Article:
Industrial Robots Get Motion-Planning Automation

RapidPlan package enables programming of assembly-line robots without long physical-validation shutdowns

John Yellig

July 7, 2022

2 Min Read
Image shows Realtime Robotics RapidPlan program
Realtime Robotics

Autonomous motion-planning and collision-avoidance software company Realtime Robotics recently unveiled its RapidPlan program, which autonomously choreographs the movement of industrial robots without the need to manually program each one.

The process of arranging the motion paths of each industrial robot can take up to months of painstaking engineering time depending on the number of units being programmed, the number of tasks they must complete and whether users are starting from scratch or modifying existing setups, Realtime says.

RapidPlan instead provides a software environment in which users select robots and target points to visualize their task plans, which are then translated into real-world movement by actual robots on an assembly or fulfillment line. Cell modeling, task planning, planning and operations are all handled by the same workflow tool, reducing the need to downtime robots for long periods of on-site physical validation, according to the company.

“Optimizing the efficiency of your industrial and factory operations should not be held back by technical barriers,” said George Konidaris, Realtime cofounder. “We specifically designed RapidPlan to deliver an accurate simulation of robot task planning, making it easy to program models and use them directly on the factory floor, but did so in a way that streamlined the process and made the technology easy-to-use for all.”

In conjunction with the rollout of RapidPlan, Realtime announced partnerships with industrial-robot manufacturer Kawasaki Robotics and Mitsubishi Electric Automation.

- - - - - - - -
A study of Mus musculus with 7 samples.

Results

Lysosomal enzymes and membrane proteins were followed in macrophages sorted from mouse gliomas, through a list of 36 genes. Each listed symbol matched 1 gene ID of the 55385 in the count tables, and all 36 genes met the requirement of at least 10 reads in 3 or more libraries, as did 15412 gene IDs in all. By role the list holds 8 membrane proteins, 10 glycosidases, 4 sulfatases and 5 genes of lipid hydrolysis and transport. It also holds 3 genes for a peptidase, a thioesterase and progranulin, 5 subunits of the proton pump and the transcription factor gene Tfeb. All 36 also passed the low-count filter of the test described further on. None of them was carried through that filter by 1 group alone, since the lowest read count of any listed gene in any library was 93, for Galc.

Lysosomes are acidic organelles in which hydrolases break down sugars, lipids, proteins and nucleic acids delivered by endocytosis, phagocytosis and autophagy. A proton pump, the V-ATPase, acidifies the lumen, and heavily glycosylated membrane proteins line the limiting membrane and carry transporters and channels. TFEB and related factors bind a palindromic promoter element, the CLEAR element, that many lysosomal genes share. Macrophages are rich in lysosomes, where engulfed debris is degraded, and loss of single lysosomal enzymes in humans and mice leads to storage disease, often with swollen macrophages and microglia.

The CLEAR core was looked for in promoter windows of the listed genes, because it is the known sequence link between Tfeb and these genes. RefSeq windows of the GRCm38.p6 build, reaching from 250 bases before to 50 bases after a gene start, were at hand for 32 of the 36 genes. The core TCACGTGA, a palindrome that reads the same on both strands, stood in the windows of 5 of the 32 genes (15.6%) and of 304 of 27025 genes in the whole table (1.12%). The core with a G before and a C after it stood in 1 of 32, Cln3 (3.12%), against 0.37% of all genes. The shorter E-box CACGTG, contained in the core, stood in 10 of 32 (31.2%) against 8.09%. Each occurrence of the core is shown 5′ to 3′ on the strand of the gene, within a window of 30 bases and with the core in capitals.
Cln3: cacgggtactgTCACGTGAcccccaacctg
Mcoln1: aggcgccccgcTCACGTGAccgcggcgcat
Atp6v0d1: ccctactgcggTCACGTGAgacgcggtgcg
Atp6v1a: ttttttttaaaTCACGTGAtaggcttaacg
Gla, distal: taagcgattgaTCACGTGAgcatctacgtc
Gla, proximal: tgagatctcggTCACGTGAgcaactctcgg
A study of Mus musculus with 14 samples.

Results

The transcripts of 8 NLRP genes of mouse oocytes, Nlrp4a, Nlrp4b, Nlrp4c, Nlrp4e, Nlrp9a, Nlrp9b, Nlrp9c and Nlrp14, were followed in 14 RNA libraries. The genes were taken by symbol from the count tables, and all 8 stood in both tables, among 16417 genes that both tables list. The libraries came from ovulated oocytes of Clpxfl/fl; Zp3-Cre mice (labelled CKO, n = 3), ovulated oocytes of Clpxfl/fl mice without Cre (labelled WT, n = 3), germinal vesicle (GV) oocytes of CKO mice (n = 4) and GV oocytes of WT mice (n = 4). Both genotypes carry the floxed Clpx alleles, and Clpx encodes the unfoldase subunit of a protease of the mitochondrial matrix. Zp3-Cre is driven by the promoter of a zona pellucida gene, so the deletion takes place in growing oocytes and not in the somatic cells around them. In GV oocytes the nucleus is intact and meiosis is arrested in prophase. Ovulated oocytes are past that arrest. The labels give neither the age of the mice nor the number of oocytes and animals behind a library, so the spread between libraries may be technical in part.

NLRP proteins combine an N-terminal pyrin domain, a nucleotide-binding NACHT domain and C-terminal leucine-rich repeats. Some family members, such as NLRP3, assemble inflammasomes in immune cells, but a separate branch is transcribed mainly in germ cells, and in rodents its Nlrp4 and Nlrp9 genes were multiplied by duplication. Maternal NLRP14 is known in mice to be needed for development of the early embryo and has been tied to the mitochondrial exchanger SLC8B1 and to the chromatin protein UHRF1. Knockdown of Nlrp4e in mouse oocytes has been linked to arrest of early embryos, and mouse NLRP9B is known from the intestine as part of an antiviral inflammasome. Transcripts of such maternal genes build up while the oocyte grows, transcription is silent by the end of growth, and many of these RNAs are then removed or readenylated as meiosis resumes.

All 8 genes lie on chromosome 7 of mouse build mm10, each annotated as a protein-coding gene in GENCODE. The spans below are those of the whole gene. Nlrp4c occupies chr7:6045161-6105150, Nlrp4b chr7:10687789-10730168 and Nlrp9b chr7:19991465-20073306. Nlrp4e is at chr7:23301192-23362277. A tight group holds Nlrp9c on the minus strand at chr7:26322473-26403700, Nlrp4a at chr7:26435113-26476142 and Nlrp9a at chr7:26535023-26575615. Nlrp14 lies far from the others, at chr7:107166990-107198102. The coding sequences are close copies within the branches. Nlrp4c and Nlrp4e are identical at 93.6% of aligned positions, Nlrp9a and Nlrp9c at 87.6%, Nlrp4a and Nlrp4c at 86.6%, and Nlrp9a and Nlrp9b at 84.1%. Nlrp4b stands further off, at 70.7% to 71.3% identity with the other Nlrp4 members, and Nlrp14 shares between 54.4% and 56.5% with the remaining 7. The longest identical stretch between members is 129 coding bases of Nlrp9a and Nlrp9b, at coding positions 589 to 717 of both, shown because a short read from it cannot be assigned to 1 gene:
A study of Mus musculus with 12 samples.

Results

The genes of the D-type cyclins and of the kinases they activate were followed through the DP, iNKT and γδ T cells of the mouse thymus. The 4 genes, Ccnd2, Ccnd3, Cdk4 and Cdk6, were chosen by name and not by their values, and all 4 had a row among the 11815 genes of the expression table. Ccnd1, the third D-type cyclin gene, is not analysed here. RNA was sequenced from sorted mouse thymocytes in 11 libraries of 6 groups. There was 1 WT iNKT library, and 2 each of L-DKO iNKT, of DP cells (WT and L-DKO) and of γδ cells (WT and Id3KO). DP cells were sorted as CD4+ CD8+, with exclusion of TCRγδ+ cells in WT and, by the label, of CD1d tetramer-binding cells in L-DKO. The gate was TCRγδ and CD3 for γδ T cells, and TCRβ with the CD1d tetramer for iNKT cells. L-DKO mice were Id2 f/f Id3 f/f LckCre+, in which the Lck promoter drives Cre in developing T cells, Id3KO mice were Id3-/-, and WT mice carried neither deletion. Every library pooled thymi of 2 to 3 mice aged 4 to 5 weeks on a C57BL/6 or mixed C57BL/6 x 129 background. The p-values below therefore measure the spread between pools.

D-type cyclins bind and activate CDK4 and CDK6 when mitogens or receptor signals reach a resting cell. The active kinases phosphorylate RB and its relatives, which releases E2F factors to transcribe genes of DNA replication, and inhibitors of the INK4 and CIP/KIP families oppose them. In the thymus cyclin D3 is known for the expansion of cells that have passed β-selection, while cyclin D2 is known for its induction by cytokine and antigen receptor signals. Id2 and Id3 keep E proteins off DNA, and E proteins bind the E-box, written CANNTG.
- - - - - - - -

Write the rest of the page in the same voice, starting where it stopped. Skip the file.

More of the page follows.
Realtime and Kawasaki have partnered on several projects, including the deployment of Kawasaki machines at a major automotive manufacturer. Using RapidPlan, the manufacturer said it reduced the pre-production engineering commissioning process by 70%.

“Today’s automotive manufacturers don’t have time or staff to waste,” Realtime CEO Peter Howard said. “Factory floors and all related actions must be constantly optimized in order to maintain a competitive advantage and continue delivering excellent product to customers.”

Mitsubishi Electric, which manufactures the controllers, motors and interfaces that are used in many industrial robotics, plans to use Rapidplan to speed the programming and control of the applications it produces.

“Realtime Robotics’ technology has the ability to speed deployment, operations and production for manufacturers, helping to improve their cost structures and time-to-market,” says Patrick Varley, product marketing manager for mechatronics at Mitsubishi Electric. “It is through collaboration with the most innovative technology providers that we can truly be ‘better together.’”

All three companies had demo booths at the recent Automate 2022 convention in Detroit.

About the Author(s)

John Yellig

John Yellig has been a journalist for more than 20 years, writing and editing for a range of publications both in print and online. His primary coverage areas over the years have included criminal justice, politics, government, finance, real estate and technology.